The sign points the way along the footpath from Littleworth Wood to Snowshill. I caught it at a good time, with a low October sun to add some shape and form to the landscape.
It is lovely walking country, around Snowshill and Broadway, and well worth a visit. If I lived closer I’d probably be wandering around here every day.
Edit: So – how did I get this shot? You need…
- Camera (I know – stating the obvious!)
- Tripod (the tripod needs to be extendable to a decent height because these signs are usually high up)
- Remote shutter release (cable or wireless remote)
- HDR software
The HDR software is not absolutely necessary, but in the view above there was a great deal of contrast between the bright sky and the shadows, and I knew my camera just did not have the dynamic range to cope with that. To get the image exposed correctly, I had to be able to get the right exposure for both the sign, and the sky and clouds. Therefore I decided to do a 5 image HDR set, each one stop apart, and merge in my HDR software.
The hard part was finding and selecting the right viewpoint, but I found this sign on a slope, allowing me to get the tripod high and reasonably close, meaning I could get both sign and background landscape in the frame. Most public footpath signs are not as conveniently sited, so you’ll really have to hunt around.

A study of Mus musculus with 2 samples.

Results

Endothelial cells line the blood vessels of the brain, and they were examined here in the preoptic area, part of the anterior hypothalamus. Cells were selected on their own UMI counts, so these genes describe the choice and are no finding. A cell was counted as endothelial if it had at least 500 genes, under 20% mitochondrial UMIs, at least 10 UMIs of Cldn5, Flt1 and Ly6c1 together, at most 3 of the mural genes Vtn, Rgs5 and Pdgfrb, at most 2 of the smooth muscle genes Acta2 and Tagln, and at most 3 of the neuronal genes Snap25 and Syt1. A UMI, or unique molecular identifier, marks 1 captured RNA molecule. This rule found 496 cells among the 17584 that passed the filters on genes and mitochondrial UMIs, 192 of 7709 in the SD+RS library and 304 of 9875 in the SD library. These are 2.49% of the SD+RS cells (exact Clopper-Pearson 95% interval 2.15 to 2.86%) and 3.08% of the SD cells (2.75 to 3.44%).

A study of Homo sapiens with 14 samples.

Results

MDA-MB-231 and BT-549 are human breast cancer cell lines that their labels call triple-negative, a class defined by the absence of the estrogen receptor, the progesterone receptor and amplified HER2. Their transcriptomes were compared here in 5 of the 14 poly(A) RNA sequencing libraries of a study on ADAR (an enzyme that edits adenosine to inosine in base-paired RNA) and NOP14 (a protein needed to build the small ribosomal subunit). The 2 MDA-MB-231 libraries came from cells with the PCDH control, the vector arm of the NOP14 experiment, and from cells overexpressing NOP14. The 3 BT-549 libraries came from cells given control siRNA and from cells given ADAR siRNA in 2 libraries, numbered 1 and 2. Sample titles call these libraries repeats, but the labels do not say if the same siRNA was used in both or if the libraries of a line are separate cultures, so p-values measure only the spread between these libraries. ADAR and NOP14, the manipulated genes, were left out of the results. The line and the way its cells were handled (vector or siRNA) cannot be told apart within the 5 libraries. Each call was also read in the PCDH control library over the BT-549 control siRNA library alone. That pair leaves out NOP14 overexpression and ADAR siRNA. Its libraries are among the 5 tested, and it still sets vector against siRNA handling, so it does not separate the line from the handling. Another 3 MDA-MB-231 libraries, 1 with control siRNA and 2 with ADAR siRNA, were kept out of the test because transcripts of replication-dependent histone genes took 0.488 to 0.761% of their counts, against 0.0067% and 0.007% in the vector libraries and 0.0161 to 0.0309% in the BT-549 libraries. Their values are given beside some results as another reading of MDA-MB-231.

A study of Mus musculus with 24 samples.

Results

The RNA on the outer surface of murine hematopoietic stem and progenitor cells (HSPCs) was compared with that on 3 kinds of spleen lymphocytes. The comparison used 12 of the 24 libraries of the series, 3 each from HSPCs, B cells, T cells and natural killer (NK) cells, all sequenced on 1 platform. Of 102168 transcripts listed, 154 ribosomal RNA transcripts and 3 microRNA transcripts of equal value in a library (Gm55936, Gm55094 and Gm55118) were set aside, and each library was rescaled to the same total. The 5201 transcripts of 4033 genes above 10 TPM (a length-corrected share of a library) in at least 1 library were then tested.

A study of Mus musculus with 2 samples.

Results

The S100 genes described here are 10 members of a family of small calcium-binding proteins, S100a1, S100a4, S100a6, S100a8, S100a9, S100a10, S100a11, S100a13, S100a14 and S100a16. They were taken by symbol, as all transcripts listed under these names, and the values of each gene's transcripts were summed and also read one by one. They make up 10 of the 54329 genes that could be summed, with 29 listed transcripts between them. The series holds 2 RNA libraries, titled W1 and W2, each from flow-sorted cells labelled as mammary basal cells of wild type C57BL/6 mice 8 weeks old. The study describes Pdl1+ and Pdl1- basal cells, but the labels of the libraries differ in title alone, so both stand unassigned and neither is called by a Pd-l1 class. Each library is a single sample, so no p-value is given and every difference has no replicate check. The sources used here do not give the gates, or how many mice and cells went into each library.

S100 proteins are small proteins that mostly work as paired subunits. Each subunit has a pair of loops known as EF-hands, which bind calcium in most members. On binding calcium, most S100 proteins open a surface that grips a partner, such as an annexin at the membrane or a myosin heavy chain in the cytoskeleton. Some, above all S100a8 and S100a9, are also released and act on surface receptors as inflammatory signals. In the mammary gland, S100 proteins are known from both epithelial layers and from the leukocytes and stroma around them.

- Set up the tripod, attach the camera, and frame your image.
- To get both sign and landscape in focus you’ll need a small aperture (in order to give a large depth of field). I set the camera to Aperture Priority and set the aperture to f/22.
- If you can get good exposure throughout your image with one take, then do so.
- I wanted to do a 5 image HDR set, so I took five images at different exposures, +2 EV, +1, 0, -1, and -2
- Merging the 5 images was easy – I use Nik Software HDR EFX Pro2 – a very easy to use application.
That’s really all there is to it. The hardest part really is finding the right viewpoint. On my travels, I’ll keep an eye out for a few more. I had probably walked past this particular sign well over thirty times, before I suddenly ealised the photographic possibilities.